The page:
1. What is induced demand?
Induced demand is a concept from economics: as supply increases and incurred costs decline, demand will increase. This phenomenon has been widely observed and studied in transportation systems where highways have been expanded to alleviate road congestion problems.
2. How does the concept of induced demand work in transportation systems?
As highways become congested due to population growth and increased usage, or as transportation agencies plan for anticipated population growth, highways are expanded. This includes widening roads and adding new traffic lanes to increase capacity and manage congestion. Generally, these expansion projects ease congestion in the near term. However, the benefits do not last. Instead, travel demand grows proportional to the added capacity.
Highway expansion projects typically follow the same patterns. The increased road capacity created by the new added lanes eases congestion and reduces the costs associated with travel times. The eased congestion attracts additional drivers to use the roads. Some of the new drivers include people who would have previously met their travel needs using other roads or alternate modes of transportation to avoid the congested highway. Other new drivers arise from the urban sprawl made possible by the expanded highway.
Over time, highway usage continues growing until the congestion benefits created by the expansion disappear altogether. Then the cycle starts over again, and new highway expansion projects are planned to, once again, ease the congestion problems—and their related impacts such as air pollution—that have now returned.
3. What are the consequences of road expansions?
Road expansions do not ease road congestion in the long run. The evidence shows that, ultimately, they make traffic and pollution worse as short-term congestion relief is usually offset by increases in driver usage of the expanded roads within 5–10 years. But there are other consequences as well:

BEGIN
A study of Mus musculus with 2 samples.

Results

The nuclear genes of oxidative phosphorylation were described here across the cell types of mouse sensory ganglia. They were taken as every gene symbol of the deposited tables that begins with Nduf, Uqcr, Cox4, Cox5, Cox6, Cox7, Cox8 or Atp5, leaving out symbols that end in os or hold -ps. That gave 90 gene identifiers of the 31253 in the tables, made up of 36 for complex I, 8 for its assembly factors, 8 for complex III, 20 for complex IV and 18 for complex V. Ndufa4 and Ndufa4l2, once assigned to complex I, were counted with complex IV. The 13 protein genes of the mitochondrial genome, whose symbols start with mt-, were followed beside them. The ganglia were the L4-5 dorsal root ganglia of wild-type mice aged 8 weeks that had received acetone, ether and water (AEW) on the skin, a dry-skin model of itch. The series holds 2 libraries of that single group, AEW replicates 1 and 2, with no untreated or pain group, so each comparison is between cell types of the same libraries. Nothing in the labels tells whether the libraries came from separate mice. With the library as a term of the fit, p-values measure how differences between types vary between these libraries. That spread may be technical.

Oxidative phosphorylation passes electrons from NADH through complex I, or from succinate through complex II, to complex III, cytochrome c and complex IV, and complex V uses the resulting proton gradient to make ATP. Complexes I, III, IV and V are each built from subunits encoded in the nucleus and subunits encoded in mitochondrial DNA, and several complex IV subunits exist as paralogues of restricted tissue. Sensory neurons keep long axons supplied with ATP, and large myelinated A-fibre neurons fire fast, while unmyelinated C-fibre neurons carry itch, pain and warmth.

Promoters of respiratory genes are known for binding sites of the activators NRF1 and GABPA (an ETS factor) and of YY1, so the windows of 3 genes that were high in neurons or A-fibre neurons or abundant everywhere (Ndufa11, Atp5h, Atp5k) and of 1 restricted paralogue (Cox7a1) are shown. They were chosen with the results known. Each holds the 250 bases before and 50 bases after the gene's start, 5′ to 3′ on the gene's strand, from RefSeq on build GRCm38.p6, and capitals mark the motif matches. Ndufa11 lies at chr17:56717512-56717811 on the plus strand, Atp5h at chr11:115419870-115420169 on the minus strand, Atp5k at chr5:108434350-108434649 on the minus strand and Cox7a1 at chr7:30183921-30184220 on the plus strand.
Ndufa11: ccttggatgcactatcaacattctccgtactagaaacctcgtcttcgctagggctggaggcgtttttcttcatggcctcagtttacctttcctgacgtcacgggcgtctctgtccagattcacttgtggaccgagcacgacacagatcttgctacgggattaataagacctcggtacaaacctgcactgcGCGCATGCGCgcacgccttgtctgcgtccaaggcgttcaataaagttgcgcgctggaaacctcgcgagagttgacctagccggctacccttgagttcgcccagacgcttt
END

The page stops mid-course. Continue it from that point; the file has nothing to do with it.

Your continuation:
4. What are alternative strategies for addressing road congestion and the transportation needs of a growing population in a region?
Many alternative transportation strategies exist for addressing road congestion and the increasing transportation needs of growing populations. Collectively, they support a broader concept known as traffic demand management, which is the application of strategies and policies to reduce travel demand or redistribute it in space and time. When used together, these strategies can provide the long-term solutions to transportation challenges that freeway expansions only deliver in the short term. Some key alternative strategies include:
5. What is a Metropolitan Statistical Area (MSA)?
A metropolitan statistical area (MSA) is a core geographical region in the United States containing a city (with a population of at least 50,000) and adjacent communities that are linked by social and economic factors. MSAs are defined by the United States Office of Management and Budget based on Census Bureau data.
6. What is the source of the VMT data used by the SHIFT Calculator?
The SHIFT Calculator utilizes existing lane mileage and VMT data from the Federal Highway Administration (FHWA).